CBS 2 Exclusive: The Fall Of ‘Spider-Man’
NEW YORK (CBS 2) — It was a 30-foot fall that could have ended in death.
Spider-Man’s heart-stopping plunge to the stage last month stunned a Broadway audience and left the actor critically injured.
For the first time, Spider-Man is speaking about that terrifying stage turn. He recently granted CBS 2’s Dana Tyler an exclusive interview.
Christopher Tierney fearlessly soars from the stage to the sky as the flying superhero Spider-Man on Broadway.
“I was like 30 miles an hour, which is awesome. It’s crazy. It’s so much fun,” Tierney said.
For the 31-year-old dancer and actor, catapulting on high wires in this risky role is a huge rush.
When asked if it’s scary, Tierney told Tyler, “No, I wasn’t scared. These guys, they know safety. The wires have 9,000 pounds of tension strength. I trust them explicitly with my life, absolutely. They don’t mess around.”
But back on Dec. 20, something went terribly wrong during a performance. Spider-Man took a horrific fall.
Tyler: “What happened that night when you fell?
Tierney: “It was just a bit of human error. I’m supposed to jump off the bridge, but it catches me. And I was tethered to my back, but it just wasn’t tethered to the stage and I just went for it, like I do with everything. There was no pulling myself back.”
He jumped and it was a free-fall from there — 30 feet into the pit.
“I was falling and I saw the darkness of the stage. I turned it real quick, so I wouldn’t hit my head, so I crashed on my back,” Tierney said. “The last thing I remembered was going ‘oh, God!’ And that’s it. And then I passed out.”
Initially, the audience thought the plunge was part of the show. Tyler saw what the scene is supposed to look like as Spider-Man jumps from the Brooklyn Bridge. Tierney said he remembers coming to and wanting to get up. Stage crew members kept him still, something he’s grateful for.
“I broke four ribs. I broke three vertebrae, fractured my scapula, fractured my elbow and I fractured the back of my head,” Tierney said.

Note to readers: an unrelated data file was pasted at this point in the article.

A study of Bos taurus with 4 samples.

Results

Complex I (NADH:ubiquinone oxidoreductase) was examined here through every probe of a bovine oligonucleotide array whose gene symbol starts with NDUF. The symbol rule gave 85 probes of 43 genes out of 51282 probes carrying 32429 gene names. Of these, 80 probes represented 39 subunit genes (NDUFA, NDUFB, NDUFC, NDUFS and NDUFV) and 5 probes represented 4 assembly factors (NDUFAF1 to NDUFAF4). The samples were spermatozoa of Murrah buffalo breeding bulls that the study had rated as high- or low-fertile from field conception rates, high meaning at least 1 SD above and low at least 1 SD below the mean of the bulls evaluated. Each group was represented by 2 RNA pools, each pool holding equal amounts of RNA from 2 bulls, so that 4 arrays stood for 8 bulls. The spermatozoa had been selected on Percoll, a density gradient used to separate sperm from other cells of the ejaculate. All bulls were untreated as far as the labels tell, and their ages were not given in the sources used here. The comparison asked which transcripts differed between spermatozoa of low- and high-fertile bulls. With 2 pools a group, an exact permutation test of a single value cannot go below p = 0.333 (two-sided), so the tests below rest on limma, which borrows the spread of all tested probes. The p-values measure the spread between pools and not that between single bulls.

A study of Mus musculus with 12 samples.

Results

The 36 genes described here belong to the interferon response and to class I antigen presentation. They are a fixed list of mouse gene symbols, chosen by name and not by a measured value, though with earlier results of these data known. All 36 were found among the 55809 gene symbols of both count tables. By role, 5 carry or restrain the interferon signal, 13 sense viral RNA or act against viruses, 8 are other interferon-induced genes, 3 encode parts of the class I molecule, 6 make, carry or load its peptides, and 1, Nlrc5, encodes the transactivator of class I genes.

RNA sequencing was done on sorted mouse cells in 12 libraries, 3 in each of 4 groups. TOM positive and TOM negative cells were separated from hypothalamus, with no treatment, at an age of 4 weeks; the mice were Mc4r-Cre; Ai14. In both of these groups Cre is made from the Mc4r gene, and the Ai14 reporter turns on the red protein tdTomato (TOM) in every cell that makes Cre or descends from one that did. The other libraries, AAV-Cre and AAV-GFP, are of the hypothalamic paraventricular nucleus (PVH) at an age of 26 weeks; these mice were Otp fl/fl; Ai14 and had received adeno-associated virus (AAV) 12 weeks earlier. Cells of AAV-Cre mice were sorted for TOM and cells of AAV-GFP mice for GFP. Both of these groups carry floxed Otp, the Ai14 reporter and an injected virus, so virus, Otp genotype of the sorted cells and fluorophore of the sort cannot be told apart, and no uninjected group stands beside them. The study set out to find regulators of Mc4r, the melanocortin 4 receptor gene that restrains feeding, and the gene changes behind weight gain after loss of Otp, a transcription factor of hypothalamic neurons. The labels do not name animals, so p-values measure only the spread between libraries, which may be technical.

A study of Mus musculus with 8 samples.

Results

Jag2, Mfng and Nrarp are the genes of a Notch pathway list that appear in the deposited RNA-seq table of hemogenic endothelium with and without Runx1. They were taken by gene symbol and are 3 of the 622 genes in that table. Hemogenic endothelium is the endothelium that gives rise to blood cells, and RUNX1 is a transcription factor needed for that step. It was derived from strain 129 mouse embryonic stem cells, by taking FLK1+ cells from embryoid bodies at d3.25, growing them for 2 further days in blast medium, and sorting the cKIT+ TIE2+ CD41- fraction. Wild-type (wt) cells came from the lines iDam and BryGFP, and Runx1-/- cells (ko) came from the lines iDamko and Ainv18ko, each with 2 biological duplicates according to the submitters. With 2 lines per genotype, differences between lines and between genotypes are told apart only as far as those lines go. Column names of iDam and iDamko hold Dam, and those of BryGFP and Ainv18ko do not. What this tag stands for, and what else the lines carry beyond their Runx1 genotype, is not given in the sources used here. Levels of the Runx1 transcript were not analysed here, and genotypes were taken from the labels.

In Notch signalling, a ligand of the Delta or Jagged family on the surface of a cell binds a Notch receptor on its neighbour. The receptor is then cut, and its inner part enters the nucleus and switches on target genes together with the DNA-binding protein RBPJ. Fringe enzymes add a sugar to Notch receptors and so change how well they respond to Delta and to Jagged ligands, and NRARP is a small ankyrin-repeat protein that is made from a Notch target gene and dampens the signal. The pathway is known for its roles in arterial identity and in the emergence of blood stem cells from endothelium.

The audience waited outside the theatre and cheered the injured Tierney as he was put into an ambulance and rushed into surgery at Bellevue Hospital. What he left behind was a lot of questions.
Tyler: “You say it was human error, do you blame anyone?”
Tierney: “The person involved … the people involved … they came and visited. It’s water under the bridge, completely forgiven and forgotten.”
Tyler: “I hear what you’re saying. You suffered a really serious injury but you are a really forgiving. You weren’t pushed too hard?”
Tierney: “No, I’m glad to be working on the show. I mean not glad, overjoyed to be working on the show.”
The hype for the $65 million musical started two years ago, with Tony Award-winning director Julie Taymor and music by Grammy winners Bono and The Edge from U2. The show’s never-before-seen aerial gymnastics were just icing on the cake, but “Spider-Man Turn Off The Dark” has been tangled in a web of money problems, technical glitches and delayed openings. Tierney said his faith in the production never waivered.
“Not a single actor in this show has ever said someone’s gonna die you need to stop,” Tierney said.
His shocking accident shut down the musical for two performances. OSHA and Actors Equity are still investigating. The president of the actors union said: “That Chris is not the first actor, nor the second, but rather the fourth to be injured on Spider-Man is frustrating and maddening and, to some, infuriating. But he also goes to say, “Live theatre, exciting theatre involves risk….Our staff is committed to doing whatever it possibly can to protect our members and to minimize the danger and the risk.”
Spider-Man producers said they have stepped up show safety with overlapping and additional procedures, but Tierney said he never worried.
“I’m meant to be Spider-Man,” he said.
This was a dream job for the dancer who’s been a fan of Spidey since he was 4. Despite his injuries he said the outpouring of support has kept his spirits high.
“My friends in the cast, my mother, my father, my brother, so unbelievable. Everybody. All the visitors, the energy, that love … there, you know, complete strangers. The immediate outpouring of love that happens is so unbelievable,” Tierney said through tears.
Wearing his Spider-Man-adorned brace, Tierney was moved last week to NYU’s Rusk Institute for Physical Therapy. With screws and rods in his back and continued pain in his ribs, he takes careful steps.
“Every day is better, which makes me believe I’ll be back in the show in no time,” Tierney said.
Tierney said he has no illusions. He knows realistically it will take months to heal. But when he does, he said he won’t be afraid to suit up as Spider-Man again and rocket through the theatre.
“I’ll come out and I’ll swing around and then I’ll land on the balcony and I’ll look around and there will be like five or six kids right there and then its a mixture of abject fear and adoration and they’re like oh my God! He landed right here and its Spider-Man!
“They scream and I can’t wait to make ‘em scream.”
At his core, Tierney is a dancer. While his feet are in the air a lot, he said he’s grounded about taking the time to heal. He’ll be released on Wednesday and will continue physical therapy.
Spider-Man’s official opening is Feb. 7. While all eyes are the show and it’s safety, Spider-Man remains a sell-out.